The stagflation beast is stirring: Is it back to the ‘70s?

Olli Rehn

This is a translation of a blog post originally published in Finnish on the Bank of Finland's Euro & talous website on 15 April 2022.

Back to the ‘70s?

I’m referring to the talk in Europe and elsewhere of ‘stagflation’, a toxic blend of sluggish economic growth, escalating unemployment and simultaneously surging inflation.

Hence the word ‘stagflation’, a composite of ‘stagnation’ and ‘inflation’.

Whether or not we are currently entering a period of stagflation is a very pertinent question for monetary policy. The brutal, bloody war in Ukraine being waged by Putin’s Russia has accelerated the already high level of inflation, particularly energy inflation. The war is likely to have a protracted impact on commodity prices, affecting oil and gas prices more severely this year and food prices well into 2023 (due to the lagged impact from this year’s harvest). Monetary policy tools can, however, do little to bring down energy prices. A sudden, abrupt tightening of monetary policy would have been the surest way to bring about a recession.

For previous experiences of stagflation we can turn to the 1970s. Many of us pre-middle-aged people may recall the Yom Kippur War and the ensuing Arab oil embargo, which quadrupled oil prices in a few months, and they remained high. This led to fuel rationing and an economic recession. More broadly, the era of progressive change hit a wall. A second energy crisis followed in the late 1970s, sparked by the Iranian Revolution.

There are a number of reasons, however, why 2022 will not be a rerun of 1974.

Firstly, the European economy rests on significantly stronger foundations than in the 1970s. The single currency, the euro, removes any need for EU Member States to engage in competitive devaluation, which so rocked exchange rates and national economies in the 1970s. Banks today also have considerably more robust buffers than they did back then, and more robust, too, than before the 2007–2009 financial crisis. This has enhanced the resilience of the financial system.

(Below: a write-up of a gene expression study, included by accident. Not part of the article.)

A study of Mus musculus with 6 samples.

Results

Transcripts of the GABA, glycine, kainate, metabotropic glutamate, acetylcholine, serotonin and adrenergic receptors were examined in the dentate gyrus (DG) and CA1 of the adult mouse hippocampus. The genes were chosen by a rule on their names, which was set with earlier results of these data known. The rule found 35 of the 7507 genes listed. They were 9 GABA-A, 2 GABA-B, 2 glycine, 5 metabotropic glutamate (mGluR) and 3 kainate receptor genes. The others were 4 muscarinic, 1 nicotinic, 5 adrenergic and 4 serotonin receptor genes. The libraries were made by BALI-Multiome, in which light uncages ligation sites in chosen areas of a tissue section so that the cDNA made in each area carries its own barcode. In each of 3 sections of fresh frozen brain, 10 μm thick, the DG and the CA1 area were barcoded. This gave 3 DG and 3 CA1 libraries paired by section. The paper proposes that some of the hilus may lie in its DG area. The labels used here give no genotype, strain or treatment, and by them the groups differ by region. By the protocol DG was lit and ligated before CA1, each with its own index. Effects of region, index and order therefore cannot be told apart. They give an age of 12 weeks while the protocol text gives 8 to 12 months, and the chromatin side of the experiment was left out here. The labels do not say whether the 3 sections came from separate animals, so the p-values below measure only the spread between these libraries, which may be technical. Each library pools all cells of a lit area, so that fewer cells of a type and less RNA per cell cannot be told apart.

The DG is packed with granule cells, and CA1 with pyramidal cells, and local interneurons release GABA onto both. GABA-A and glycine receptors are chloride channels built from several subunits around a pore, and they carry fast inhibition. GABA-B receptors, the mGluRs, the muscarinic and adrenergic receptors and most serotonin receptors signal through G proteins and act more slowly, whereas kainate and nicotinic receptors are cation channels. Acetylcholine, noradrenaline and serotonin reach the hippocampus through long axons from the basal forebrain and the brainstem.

Secondly, fossil fuels now account for a lower share in energy production within the EU – even so, this is still too high. This reduces the impact of rising energy prices on the economy, although fossil dependency has unfortunately hindered progress on EU oil and gas sanctions against a warring Russia. Other broad changes have also occurred in production within advanced economies. The oil intensity of the global economy in the ‘70s was about 3.5 times greater than today. According to researchers from Columbia University, the same amount of goods and services can now be produced using less than half the amount of oil compared with the early 1970s. What’s more, motor vehicles now consume about 40% less fuel than in the ‘70s, despite being larger.

Thirdly, and largely as a consequence of the factors above, the shock to the European real economy in the early 1970s was much more severe: economic growth collapsed by as much as 8 percentage points in 1973–1975. The European Central Bank (ECB) predicts growth will fall by 2 percentage points in the period 2021–2024. The difference between these figures is substantial, at 6 percentage points.

The upshot of all this, in my view, is that we are not now witnessing the start of a classic ‘70s all-out stagflation. Instead, yes, we are seeing stagflation-like trends emerging, and so the risk that stagflationary developments will gather momentum must be taken seriously.

Last but not least, following the lessons learned from the 1970s, the notion of central bank independence has become the prevailing doctrine and practice. The ECB stands ready, and has the tools, to calm excessive inflation and bring it to the 2% target over the medium term. The critical question in monetary policy right now is indeed how to continue normalisation – the process of dismantling the powerful stimulus of the past couple of years – without the euro area’s growth stalling and unemployment escalating, especially when Russia’s war in Ukraine is creating such great uncertainty over the future.

The ECB’s response is to continue the gradual normalisation of monetary policy that it began back in December. Net purchases under the asset purchase programmes will be concluded in the third quarter of this year, and a decision on the first interest rate hike will be taken some time after that. My own assessment now is that the key ECB interest rates will most probably be at zero by the end of the year. Normalisation back to positive territory in policy rates will continue beyond that, too, on a gradual and consistent basis, and by maintaining optionality.

All this is, of course, on the assumption that Russia’s war in Ukraine does not escalate or become more murderous, the consequences of which would likely push Europe’s economy into recession as well – although in that scenario this could be among the least of the problems. Unfortunately, given the circumstances set in motion on 24 February, this prospect cannot be excluded.

With Easter upon us, it would have been nice to convey a more cheerful message, but in earthly matters we must go with what we have. Happy Easter, nonetheless.